A Population-Based Study of : Prevalence and Potential Risk FactorsHelicobacter pylori: Prevalence and Potential Risk Factors Infection in Chinese Children Resident in Hong Kong: Prevalence and Potential Risk Factors


Materials and Methods

A cross-sectional population-based study was conducted in Chinese children in elementary and high schools. Schools were selected from all three major areas of Hong Kong. H. pylori infection was defined by a positive 13C-urea breath test. Study subjects were stratified into six age groups for estimation of prevalence. Potential risk factors were analyzed from data of self-administered questionnaires.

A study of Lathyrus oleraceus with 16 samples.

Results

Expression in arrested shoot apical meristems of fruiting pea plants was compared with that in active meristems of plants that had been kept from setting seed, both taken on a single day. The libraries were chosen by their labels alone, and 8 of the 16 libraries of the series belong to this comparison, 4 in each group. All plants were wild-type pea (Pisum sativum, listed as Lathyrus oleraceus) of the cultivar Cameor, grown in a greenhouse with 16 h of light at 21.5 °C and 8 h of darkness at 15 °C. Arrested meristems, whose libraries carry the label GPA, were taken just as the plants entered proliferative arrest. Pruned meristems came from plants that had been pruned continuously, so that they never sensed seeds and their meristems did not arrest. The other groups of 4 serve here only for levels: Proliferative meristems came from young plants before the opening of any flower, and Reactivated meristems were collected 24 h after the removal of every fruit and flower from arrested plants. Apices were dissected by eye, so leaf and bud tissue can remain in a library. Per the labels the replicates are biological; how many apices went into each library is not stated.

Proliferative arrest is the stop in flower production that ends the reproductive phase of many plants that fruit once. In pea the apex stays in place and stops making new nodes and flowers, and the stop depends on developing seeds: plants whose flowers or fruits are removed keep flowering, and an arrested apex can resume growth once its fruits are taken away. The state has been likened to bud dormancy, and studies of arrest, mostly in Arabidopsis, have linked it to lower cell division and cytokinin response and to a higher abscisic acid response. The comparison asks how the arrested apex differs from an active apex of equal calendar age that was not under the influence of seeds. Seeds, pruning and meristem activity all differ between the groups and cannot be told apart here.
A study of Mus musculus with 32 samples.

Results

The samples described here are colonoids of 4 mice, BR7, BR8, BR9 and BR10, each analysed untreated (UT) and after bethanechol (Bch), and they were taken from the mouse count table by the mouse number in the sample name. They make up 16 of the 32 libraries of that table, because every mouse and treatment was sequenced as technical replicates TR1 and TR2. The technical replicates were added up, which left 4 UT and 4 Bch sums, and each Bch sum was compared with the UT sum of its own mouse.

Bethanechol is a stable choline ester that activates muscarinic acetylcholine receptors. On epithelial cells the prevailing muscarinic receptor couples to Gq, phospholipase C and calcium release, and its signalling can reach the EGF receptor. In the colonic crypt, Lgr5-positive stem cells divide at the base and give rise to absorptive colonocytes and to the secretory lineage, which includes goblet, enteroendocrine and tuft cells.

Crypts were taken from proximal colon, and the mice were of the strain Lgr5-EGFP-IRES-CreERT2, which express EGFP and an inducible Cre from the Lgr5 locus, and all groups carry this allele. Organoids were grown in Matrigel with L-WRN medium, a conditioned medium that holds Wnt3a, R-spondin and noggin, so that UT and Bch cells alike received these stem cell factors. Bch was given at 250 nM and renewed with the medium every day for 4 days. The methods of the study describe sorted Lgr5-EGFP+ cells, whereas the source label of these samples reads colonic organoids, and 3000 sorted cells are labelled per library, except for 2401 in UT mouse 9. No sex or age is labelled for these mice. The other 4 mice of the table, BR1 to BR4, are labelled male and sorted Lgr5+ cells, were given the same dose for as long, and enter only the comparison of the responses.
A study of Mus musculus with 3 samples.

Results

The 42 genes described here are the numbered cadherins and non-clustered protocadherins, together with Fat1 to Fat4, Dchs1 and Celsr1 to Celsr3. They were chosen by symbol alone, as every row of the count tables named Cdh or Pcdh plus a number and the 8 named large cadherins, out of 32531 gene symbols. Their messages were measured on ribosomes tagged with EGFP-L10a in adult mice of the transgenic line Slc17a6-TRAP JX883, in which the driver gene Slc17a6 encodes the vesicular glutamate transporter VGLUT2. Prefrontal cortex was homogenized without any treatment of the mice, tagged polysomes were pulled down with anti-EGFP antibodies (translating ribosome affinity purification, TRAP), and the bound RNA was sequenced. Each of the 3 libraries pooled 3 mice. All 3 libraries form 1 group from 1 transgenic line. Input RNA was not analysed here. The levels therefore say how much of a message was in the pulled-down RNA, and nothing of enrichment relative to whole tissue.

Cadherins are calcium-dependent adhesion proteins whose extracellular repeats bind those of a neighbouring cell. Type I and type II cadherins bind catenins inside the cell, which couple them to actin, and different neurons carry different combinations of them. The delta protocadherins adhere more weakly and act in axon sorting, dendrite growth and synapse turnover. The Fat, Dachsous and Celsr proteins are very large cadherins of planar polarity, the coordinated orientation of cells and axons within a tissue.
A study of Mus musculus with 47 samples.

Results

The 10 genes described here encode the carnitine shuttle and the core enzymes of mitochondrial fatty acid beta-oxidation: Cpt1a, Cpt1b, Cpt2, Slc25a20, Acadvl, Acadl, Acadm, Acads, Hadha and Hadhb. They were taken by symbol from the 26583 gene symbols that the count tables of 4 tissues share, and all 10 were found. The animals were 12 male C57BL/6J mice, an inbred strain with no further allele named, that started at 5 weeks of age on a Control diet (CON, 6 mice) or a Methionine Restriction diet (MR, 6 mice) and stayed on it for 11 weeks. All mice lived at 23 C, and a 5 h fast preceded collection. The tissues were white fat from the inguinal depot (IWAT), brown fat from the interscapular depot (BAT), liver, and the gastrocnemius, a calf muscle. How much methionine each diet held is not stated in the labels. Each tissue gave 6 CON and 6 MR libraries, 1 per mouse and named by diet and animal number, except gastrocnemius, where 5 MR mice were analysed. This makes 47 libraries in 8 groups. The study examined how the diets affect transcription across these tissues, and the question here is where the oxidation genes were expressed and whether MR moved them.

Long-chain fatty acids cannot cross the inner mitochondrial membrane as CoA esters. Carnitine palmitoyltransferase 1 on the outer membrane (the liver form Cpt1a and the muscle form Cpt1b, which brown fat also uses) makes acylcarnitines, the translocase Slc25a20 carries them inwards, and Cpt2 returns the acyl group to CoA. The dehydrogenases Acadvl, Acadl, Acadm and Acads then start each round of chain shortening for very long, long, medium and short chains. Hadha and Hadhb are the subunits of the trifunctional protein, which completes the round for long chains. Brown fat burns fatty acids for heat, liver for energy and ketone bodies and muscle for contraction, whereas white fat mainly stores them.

A total of 2480 children (aged 6–19, male: 47.3%) participated in the study. Overall, 324 (13.1%) were positive for H. pylori. There was no difference in prevalence between sexes, and no statistical trend in the prevalence across the six age groups. Multivariate logistic regression identified lack of formal education of mother (OR = 2.43, 95%CI 1.36–4.34), family history of gastric cancer (OR = 2.19, 95%CI 1.09–4.41), and household member > 5 (OR = 1.57, 95%CI 1.12–2.19) to be positively associated with H. pylori infection in our children.


The H. pylori prevalence of Hong Kong children is comparable to the data of developed countries. The association with family history of gastric cancer justifies further study to investigate the cost-benefit of community screening program for such children to decrease the incidence of gastric cancer in adulthood.